For artists with long, multi-decade careers, it’s one thing to have an incredibly rich songwriting catalog to continually pull from, but it’s something completely different when you can tweak and reinvent those songs in interesting and imaginative ways over and over again. For Detour Live at Liverpool Philharmonic Hall, Elvis Costello once again shows his unique ability to do just that with his own vast treasure trove of songs.
Captured on his recent solo Detour Tour, Costello’s new DVD spotlights his ability to both rework a song and retell a tale. Costello kicked the show off with a laid back, acoustic take on "(The Angels Wanna Wear My) Red Shoes" and kept the chilled out, strum-along vibe going for the first few songs, fully embodying the Nick Lowe-esque acoustic cool he has continually flirted with throughout his career. After a couple acoustic numbers, he switched to an overdriven hollow-body electric, a seemingly minor move that added a tasty aural oomph to the originally piano-led “Church Underground” from his last official solo release, 2010’s National Ransom.
Costello’s twisting and turning continued throughout the duration of the 23-song main set. He ran acoustic guitars through distortion pedals, turned his Sam & Dave soul cover of “I Can’t Stand Up For Falling Down” into a aching piano ballad, used a loop pedal to deftly accompany himself through a growling “Watching The Detectives,” and even employed the large mocked-up television screen behind him at different times to (a) jump inside himself for a tender singer-songwriter take on “Alison” (“The only way I can guarantee to be on television is to have my own”) and (b) play a vintage video clip of his dad performing “If I Had A Hammer,” eventually joining in to lead the crowd in the family sing-along.
It was during this technologically enhanced father-son moment that Costello first brought out his special guest for the evening, Larkin Poe (Rebecca and Megan Lovell). The rootsy sibling duo joined Costello for “Pads, Paws, and Claws,” “That’s Not The Part of Him You’re Leaving,” “Down on the Bottom,“ “Blame It On Cain,” “A Good Year for the Roses,” and a rollicking stomp-through of “(What’s So Funny ‘Bout) Peace, Love, and Understanding.” Combining sisterly harmonies, tasty mandolin, and slinky slide guitar, Larkin Poe added a nice rustic depth to Costello’s acoustic numbers.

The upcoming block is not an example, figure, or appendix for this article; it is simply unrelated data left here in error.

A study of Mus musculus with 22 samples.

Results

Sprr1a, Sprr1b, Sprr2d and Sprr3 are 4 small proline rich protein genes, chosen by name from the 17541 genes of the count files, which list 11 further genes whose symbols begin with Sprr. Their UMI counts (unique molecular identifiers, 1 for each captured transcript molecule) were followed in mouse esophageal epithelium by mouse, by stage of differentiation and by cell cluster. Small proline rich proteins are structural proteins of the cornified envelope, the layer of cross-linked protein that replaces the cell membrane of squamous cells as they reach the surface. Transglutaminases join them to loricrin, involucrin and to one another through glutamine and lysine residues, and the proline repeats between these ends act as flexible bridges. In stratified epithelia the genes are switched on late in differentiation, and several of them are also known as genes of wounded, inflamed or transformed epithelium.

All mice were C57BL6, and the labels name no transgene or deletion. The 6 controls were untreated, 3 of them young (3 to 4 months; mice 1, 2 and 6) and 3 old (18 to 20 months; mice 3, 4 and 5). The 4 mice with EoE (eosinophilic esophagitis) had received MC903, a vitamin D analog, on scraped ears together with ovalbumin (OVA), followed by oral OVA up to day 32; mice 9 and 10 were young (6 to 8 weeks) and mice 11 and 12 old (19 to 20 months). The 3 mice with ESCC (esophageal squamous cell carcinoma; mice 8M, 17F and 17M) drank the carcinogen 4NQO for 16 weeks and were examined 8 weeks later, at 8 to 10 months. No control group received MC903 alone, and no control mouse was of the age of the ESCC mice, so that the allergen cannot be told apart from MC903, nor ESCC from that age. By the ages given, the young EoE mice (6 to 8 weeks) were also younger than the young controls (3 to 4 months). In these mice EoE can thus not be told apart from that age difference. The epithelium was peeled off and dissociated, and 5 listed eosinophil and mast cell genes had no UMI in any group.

Interspersed between all of the magical music moments, Costello spun yarns of quick stories and one-liners: tales of a taxicab tryst before “Accidents Will Happen,” homage paid to actress Gloria Grahame before “Church Underground,” woes of working as a computer operator before “Shipbuilding,” explaining the thrill of his 9-year-old self watching his dad share the bill of the 1963 Royal Variety Show with The Beatles before “Ghost Train,” and lovingly paying tribute to his Depression-era shipman-turned-musician grandfather before an emotional “Jimmie Standing in the Rain”/”Brother, Can You Spare a Dime?”
In fact, this latter story-and-song moment makes the DVD worth the price of admission on it’s own. The fact that it’s surrounded by so many other memorable performances is just a testament to Costello’s multi-tentacled talents. Along with the main set, there’s also some impressive bonus tracks on the DVD as well, including “Love Field,” “Either Side of the Same Town,” “Brilliant Mistake,” and “Ascension Day.” Costello fans would do themselves well to pick up this incredible collection of the master in his one-man-show glory.